What To Do When You Have Compacted Soil


The people of Tennesee take great pride in making their lawns look incredible throughout the entire year. Typically, this isn’t the easiest feat in the wet, cold winters that we tend to experience. Unfortunately, during these cold and wet winters, it can be extremely tough on our turf. The impact that this kind of weather has on turf can force it into an unhealthy environment and result in a struggling lawn for the entirety of the year.

So what exactly happens to lawns when they experience too harsh of weather? The soil underneath your turf can become extremely compacted. This issue will not allow your turf to absorb any sort of nutrients that it is being given, including airflow, water, fertilizer, and more.

Don’t fret though, there are ways to identify and cure compacted soil to save your lawn in the long run. If you are interested in knowing a little more about this process, you are in the right space.

How Do I Know If My Soil Is Compact?

There are a few different methods of finding out if your soil is compact. If you are ready to test it out yourself, go grab yourself a screwdriver. Taking a small household tool like a screwdriver and pushing it into your turf in a few different spots to see how far down you get is a great way to identify soil that is too tough to push through. If your tool doesn’t make it more than a few centimeters down without excessive force, then you should assume this is a good sign that you have compacted soil.

If you aren’t someone who wants to get dirty, there are a few other ways that you can tell if your soil is compact. Some of these signs include:

  • Excess Thatch—Thatch is a buildup of organic debris on your lawn. Some organic matter on your lawn is inevitable and even good for it, however, if it is constantly being built up, it can cause issues.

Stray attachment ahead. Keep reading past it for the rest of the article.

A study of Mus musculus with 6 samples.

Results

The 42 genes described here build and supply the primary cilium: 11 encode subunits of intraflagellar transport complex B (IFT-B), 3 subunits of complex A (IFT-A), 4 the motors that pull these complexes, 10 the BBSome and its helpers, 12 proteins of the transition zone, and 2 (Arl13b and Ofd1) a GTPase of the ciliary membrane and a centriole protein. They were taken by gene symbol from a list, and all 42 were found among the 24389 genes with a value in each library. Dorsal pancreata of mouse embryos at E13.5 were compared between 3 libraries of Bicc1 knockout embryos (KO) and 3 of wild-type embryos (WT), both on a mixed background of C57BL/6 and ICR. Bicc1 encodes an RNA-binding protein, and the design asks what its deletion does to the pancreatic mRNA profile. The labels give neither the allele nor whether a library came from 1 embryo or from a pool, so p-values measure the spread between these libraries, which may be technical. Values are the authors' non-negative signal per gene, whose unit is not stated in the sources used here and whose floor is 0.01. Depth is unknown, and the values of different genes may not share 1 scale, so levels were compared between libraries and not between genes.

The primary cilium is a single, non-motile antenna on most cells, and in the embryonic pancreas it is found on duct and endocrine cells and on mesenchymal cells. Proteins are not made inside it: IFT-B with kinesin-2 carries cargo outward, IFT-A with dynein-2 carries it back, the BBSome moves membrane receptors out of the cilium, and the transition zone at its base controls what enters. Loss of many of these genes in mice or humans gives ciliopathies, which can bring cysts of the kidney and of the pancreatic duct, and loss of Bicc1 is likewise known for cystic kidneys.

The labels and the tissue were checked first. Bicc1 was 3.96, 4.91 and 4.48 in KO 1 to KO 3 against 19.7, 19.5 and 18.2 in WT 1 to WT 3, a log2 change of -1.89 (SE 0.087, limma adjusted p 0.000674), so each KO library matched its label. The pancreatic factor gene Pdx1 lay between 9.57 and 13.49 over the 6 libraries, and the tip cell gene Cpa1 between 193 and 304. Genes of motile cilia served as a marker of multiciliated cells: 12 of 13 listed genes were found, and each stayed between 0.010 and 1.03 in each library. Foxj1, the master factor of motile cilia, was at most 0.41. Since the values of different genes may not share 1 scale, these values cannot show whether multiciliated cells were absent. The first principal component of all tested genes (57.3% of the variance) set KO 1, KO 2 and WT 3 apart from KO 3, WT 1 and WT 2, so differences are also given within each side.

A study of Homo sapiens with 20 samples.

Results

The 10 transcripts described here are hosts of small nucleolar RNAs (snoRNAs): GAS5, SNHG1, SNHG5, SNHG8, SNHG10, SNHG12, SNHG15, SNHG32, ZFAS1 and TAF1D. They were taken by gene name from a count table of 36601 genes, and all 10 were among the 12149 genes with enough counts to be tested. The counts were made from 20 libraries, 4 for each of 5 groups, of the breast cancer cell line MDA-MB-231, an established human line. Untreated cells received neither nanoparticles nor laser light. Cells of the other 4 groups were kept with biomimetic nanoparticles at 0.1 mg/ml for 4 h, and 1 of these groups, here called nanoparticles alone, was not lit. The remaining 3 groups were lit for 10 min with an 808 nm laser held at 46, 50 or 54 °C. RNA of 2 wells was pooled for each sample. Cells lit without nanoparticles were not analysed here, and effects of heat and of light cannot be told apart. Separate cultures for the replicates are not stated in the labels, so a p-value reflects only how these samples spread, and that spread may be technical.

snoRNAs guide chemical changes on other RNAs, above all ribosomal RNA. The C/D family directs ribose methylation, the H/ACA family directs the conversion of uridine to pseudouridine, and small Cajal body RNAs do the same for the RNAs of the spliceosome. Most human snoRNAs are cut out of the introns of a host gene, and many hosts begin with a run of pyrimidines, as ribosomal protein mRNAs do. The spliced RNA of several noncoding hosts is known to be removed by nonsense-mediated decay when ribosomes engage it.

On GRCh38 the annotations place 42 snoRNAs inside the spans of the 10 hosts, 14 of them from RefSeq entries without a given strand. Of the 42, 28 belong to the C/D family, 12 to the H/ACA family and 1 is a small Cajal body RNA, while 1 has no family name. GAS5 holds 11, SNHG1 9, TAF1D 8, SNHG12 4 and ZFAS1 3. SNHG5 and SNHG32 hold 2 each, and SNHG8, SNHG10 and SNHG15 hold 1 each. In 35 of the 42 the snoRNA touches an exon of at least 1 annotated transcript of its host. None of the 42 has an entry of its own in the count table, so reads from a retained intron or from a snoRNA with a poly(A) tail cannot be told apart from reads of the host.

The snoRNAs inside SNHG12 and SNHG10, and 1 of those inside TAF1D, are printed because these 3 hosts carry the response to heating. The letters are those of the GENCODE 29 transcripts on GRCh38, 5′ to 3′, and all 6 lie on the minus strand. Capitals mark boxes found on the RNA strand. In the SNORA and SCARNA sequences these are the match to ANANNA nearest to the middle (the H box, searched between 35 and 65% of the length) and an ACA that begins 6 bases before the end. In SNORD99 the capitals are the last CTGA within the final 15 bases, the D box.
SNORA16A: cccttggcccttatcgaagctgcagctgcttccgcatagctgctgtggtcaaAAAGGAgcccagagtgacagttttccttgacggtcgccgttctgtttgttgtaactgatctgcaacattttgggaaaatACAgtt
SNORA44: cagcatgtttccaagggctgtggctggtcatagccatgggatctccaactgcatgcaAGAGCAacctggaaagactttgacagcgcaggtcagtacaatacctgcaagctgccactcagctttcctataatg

• Pooling Water—If you know you have a proper irrigation system going, you are going to want to notice whether or not water is pooling up around the edges and getting on the cement. This means your turf is not absorbing the water you’re giving it.
  • Thinning Grass—This one is more of a result rather than a symptom because, without nutrients, your turf is not going to present as full and luscious.

How To Cure Compacted Lawns?

Once you have identified that your lawn is experiencing an issue with soil compaction, you are going to want to perform aeration on your turf. Aeration is the act of using a mechanical aerator to pull up little pieces of your soil about three inches deep. This will relieve some of the pressure from your soil, allowing for better airflow. The parts of your lawn that are pulled up are left on your lawn and broken down to create a natural mulch mixture, which encourages the regrowth of your lawn.

Most people will follow up this process with overseeding and a great irrigation system to ensure that it is fully restored. It is important to keep in mind that like many things, relieving your compacted soil will make your lawn look worse before it gets better. Learn more about how aeration and overseeding benefit your lawn.

Are You Ready To Cure Your Compacted Soil? Choose Aeration With 4-EverGreen Today!

Our team here has a lot more experience than the average homeowner. Lawn care is serious work, especially when it comes to aeration practices and trying to save your lawn. You can trust the experts at 4-EverGreen to cure your compacted soil and allow your lawn to thrive again.

Our expertise doesn’t stop there! We have experience in a wide variety of lawn services like lawn care, tree and shrub care, moisture control, exterior pest control, cellulose insulation, and so much more. You can check out the details of each service we provide here.